One of the goals I had in life (I wrote a list down ten years ago) was to buy a sturdy mountain bike and circumnavigate the island of Cebu in 10 days. You don’t have to tell me that this pales in comparison with Roff Smith’s bicycle journey around Australia. Or the Tour de France. Or the Tour of Luzon (which died when sponsor Marlboro pulled out and made their own Marlboro Tour).
But ask me if this movie reminds me of regrets that I have in my life, and I will answer you. Yes. I regret not having done something like this when I was younger, and single, when I had the means or the time, or whatever other excuse I can drum up. To atone for my failures I read old copies of the National Geographic, and I watch movies like “The Motorcycle Diaries”.
Fuser and Alberto hie off on an old motorcycle they wryly nickname “La Poderosa” (“The Mighty One”). What starts off as a road movie slowly and picturesquely becomes the awakening of two young men into the stark reality that is their continent, and the poverty and sickness that is common fare for the downtrodden. Each of them has his own way of dealing with what they encounter, Alberto with his slick devil-may-care attitude, Fuser with the blunt honesty and inherent goodness that brings him pain both physically (with near-fatal bouts of asthma) and emotionally (on his birthday he swims across a wide river towards a leper colony where he and Alberto has volunteered as health workers). Together they do what they can with what they know, biochemist and doctor-to-be treating and healing as much as they possibly can.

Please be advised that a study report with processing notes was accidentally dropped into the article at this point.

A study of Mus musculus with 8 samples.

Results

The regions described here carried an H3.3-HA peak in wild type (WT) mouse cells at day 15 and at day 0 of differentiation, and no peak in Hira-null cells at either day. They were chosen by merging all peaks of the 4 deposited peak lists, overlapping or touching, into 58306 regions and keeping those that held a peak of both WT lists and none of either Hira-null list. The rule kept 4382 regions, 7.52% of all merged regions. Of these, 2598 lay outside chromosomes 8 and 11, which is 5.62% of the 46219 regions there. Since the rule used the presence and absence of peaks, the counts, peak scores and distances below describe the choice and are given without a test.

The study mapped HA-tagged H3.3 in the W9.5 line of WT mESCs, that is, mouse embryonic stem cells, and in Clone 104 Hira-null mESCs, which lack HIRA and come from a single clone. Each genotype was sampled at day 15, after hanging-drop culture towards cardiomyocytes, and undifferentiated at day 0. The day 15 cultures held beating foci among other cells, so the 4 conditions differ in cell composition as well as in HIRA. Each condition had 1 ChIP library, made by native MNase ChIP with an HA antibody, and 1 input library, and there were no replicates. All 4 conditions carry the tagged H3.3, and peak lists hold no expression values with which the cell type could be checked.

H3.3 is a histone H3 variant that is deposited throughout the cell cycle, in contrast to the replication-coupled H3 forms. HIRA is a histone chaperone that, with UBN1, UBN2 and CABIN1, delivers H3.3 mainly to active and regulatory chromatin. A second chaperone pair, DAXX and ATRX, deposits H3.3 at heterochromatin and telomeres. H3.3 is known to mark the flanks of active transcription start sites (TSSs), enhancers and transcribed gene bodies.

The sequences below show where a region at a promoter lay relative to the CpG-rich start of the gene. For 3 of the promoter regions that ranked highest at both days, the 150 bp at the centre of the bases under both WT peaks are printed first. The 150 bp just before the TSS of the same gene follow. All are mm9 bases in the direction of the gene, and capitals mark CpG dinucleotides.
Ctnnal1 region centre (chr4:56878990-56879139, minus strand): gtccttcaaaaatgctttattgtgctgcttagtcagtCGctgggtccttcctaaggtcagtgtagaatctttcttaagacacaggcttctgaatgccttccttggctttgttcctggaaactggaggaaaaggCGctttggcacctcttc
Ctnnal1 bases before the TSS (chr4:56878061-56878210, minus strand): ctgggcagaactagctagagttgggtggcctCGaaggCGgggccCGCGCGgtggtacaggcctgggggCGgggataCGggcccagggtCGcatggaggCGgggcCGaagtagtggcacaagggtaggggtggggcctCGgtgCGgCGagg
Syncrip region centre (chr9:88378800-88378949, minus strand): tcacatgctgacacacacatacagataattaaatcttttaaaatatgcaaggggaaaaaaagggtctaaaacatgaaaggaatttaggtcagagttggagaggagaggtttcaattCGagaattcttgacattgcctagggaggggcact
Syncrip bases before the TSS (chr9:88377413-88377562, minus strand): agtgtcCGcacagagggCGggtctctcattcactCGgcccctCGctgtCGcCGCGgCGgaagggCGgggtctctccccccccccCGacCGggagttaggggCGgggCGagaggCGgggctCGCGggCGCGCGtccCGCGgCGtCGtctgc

You see them changing. And the best thing about watching the characters change as the movie goes on, is that you change—even a little bit—along with them.
You know the nickname Fuser comes from his rugby monicker Furibundo Serna “Furious Serna” for his prowess on the rugby field. It is beside the point that you know who Fuser is and who he eventually becomes. You may know the name, you may even know the face, emblazoned as he is now on many a teen-ager’s shirt, duffel bag, cap and button. But here he is Ernesto, Fuser, later Che as Alberto calls him before they part ways.
“Let the world change you … and you can change the world.”